A little after 7am, and after just five hours sleep, we straddled our bikes under dark grey skies and rode out from the centre of Liège. Over the ‘roof’ of Belgium and back again, we returned almost 11 hours later; cold, wet, hollow and hungry. Two hundred and seventy kilometres, with over 4,000m of climbing, it was the longest of the three route options of the Doyenne Classique sportive. I saw a rider with number 10,400. It was hard to understand why, rather than rolling over in bed that morning when the alarm went off, another 10,399 riders had also registered.
What is harder to understand is why James Fairbank (Rapha), Gerald Moser (Rapha Condor Club) and myself had returned from this ride smiling; and more than that, collectively picking out our best moments. It wasn’t simply food for our egos. We had proved, I think, that we could be ‘hardmen’ and we could certainly tell tales of pain endured. We had ridden reasonably fast under testing conditions. And we were overtaken fewer times than the number of still-numb fingers on my left hand. It was something far more subtle than simple pride or a sense of achievement. It was something about taking part in a version of the oldest, and possibly toughest, Spring Classic of them all.Perhaps it was because, as they hauled themselves over the Stockeu or La Redoute, we had watched the pro race just inches away from our heroes.
On Sunday, 60km into Liège-Bastogne-Liège, as the pro peloton came over the brow of the hill and past my house, we could hear the gaggle of light conversation before we could even see the riders.
One hundred-and-eighty clicks later, when we caught the race for the second time, Nibali was crunching Gilbert’s legs in front of us as the chase for victory was on at the top of the Roche aux Faucons. It was hard to believe that it was the same bunch of riders. Gilbert was being put to the sword but still managed a smile (or was it a grimace?) to his fans.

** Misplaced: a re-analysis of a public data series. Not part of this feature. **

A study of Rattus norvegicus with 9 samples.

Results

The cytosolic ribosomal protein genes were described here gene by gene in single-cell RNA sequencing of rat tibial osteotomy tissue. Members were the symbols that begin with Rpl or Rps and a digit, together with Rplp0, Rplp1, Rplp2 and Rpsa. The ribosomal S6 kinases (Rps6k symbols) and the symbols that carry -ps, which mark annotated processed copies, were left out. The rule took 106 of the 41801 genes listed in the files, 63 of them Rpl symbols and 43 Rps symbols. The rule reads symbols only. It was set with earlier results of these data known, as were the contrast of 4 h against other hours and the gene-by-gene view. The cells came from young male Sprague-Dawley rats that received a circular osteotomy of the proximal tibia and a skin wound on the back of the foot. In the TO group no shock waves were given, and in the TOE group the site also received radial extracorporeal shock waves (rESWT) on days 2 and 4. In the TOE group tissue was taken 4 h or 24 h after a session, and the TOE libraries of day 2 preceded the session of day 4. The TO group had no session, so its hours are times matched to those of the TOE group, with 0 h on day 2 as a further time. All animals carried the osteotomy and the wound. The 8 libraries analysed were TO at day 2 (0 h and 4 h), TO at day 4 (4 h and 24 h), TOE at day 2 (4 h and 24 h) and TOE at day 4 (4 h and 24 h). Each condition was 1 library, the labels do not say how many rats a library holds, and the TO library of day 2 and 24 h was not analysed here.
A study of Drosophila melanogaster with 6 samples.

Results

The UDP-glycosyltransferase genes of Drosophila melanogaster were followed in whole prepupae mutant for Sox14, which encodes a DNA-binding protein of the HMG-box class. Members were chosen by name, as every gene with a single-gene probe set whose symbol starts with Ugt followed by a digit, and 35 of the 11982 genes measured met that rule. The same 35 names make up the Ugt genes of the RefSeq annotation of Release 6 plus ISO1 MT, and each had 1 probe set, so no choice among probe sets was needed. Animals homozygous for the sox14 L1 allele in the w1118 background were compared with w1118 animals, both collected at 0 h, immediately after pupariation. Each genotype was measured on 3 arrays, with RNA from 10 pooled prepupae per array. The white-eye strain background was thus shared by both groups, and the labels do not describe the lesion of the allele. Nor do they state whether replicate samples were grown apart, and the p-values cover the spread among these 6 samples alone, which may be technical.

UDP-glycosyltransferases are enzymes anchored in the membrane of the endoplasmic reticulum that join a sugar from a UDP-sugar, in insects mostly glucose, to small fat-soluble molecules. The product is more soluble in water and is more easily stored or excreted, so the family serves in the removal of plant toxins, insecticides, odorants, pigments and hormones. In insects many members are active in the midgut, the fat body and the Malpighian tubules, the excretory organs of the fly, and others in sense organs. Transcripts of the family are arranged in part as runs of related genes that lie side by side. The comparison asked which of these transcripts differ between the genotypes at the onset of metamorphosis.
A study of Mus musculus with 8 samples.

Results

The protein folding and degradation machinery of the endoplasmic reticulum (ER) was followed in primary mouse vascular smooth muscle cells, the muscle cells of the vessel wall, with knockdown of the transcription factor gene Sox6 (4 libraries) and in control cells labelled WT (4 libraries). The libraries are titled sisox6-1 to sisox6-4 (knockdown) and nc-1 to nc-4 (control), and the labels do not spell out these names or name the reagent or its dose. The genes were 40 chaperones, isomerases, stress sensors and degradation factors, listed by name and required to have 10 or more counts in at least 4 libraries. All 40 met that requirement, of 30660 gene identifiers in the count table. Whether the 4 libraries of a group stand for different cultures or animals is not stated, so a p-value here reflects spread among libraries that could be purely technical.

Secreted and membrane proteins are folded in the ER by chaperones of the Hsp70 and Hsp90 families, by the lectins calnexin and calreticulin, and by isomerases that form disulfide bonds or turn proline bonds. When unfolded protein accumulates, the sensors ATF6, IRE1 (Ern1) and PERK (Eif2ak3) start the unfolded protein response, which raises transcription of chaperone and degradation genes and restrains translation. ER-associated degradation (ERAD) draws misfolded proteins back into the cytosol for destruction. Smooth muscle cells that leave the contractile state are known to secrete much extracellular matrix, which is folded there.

The stragglers were grateful for our support, vocal and physical, acknowledging it with brief, thousand-yard stares. They were running on empty – and probably had been for a while. But in those few seconds, as simple fans on the roadside, we could connect intimately with the kings of our sport. Their suffering was palpable.
Not just because we, too, had experienced our legs and minds burning as we fought our way up the same roads the day before. But because of the simple but total sense of exhilaration that results when sheer effort triumphs over pain.
When I ride, when I’m tested by tough gradients, distance or just the wheel I am trying to follow, all my senses become extremely intense. Everything on the bike has to feel right: the bar tape; the saddle; the sounds of the chain over the cogs; the bite of the brakes; and of course, the pedals. Similarly, every part of my body is demanding attention. I have to measure how hard I push on my thighs (because it is still a long way home). I need to feel some pain - pain is my gauge.
Managing it is the key. When cycling just under threshold one almost feels elegant. The upper body is relaxed, the ankles rotate smoothly, and your torso is held low and compact. These are the good times, the moments of grace. They come and go, interrupted by moments of extreme effort, when body and bike are just fighting each other. Or those moments when your body temperature sinks dangerously low, edging your numbed mind and muscles towards a state of abandonment and the impression that finally it is time to give up.
To go in to and come through these dark moments – ‘pits’, as James calls them – seems the only way to discover the pure, simple joy of cutting through the air at speed on your bike, of keeping a perfect line though a corner, or of topping a hill without a fight.
I need to feel this love for my sport, since I choose to suffer on my bike. We all do. You have to. To test this by spending ten hours out in atrocious weather is perhaps not necessary for everybody but the three of us arrived back in Ans, above Liege, knowing that we had shared something very special.
- @tribryan Hi Bryan, that’s a discontinued Irish Country Jersey which is no longer in production, sorry to disappoint.
- @vickiewoodsford @richardhier @daithetooth Thanks Vickie, glad we were able to help too.
- @ServiceCourse @richardhier @daithetooth You’re all too kind, thank you.
- @richardhier Thanks Richard, have a good weekend. Will pass on your thanks to Peter.
- Stylish, creative, sharp? We all know a sartorial city rider that can be tricky to buy for. See our guide for hints → http://t.co/dul9phwMoX
- Who's excited for snowy racing #inbend this weekend? We brought tshirts and coffee for the weekend.… http://t.co/aYYPjQEXTG
- @playa_mansa Sorry, somehow missed this. Our backpack is great for general use. Most of us here use it both on and off the bike.
- @TheRaceRadio A man experienced in sheep aerodynamics, perhaps. → http://t.co/4ysrDy5bie
- The most recent Rapha Gentlemen’s Race took place in Adelaide with 18 teams lining up for the rolling 160km route. → http://t.co/ZQ3Dzz0NEX
- @andersmagnus Hi Anders, there’s been a delay unfortunately, but thanks for being patient. It will be out as soon as possible.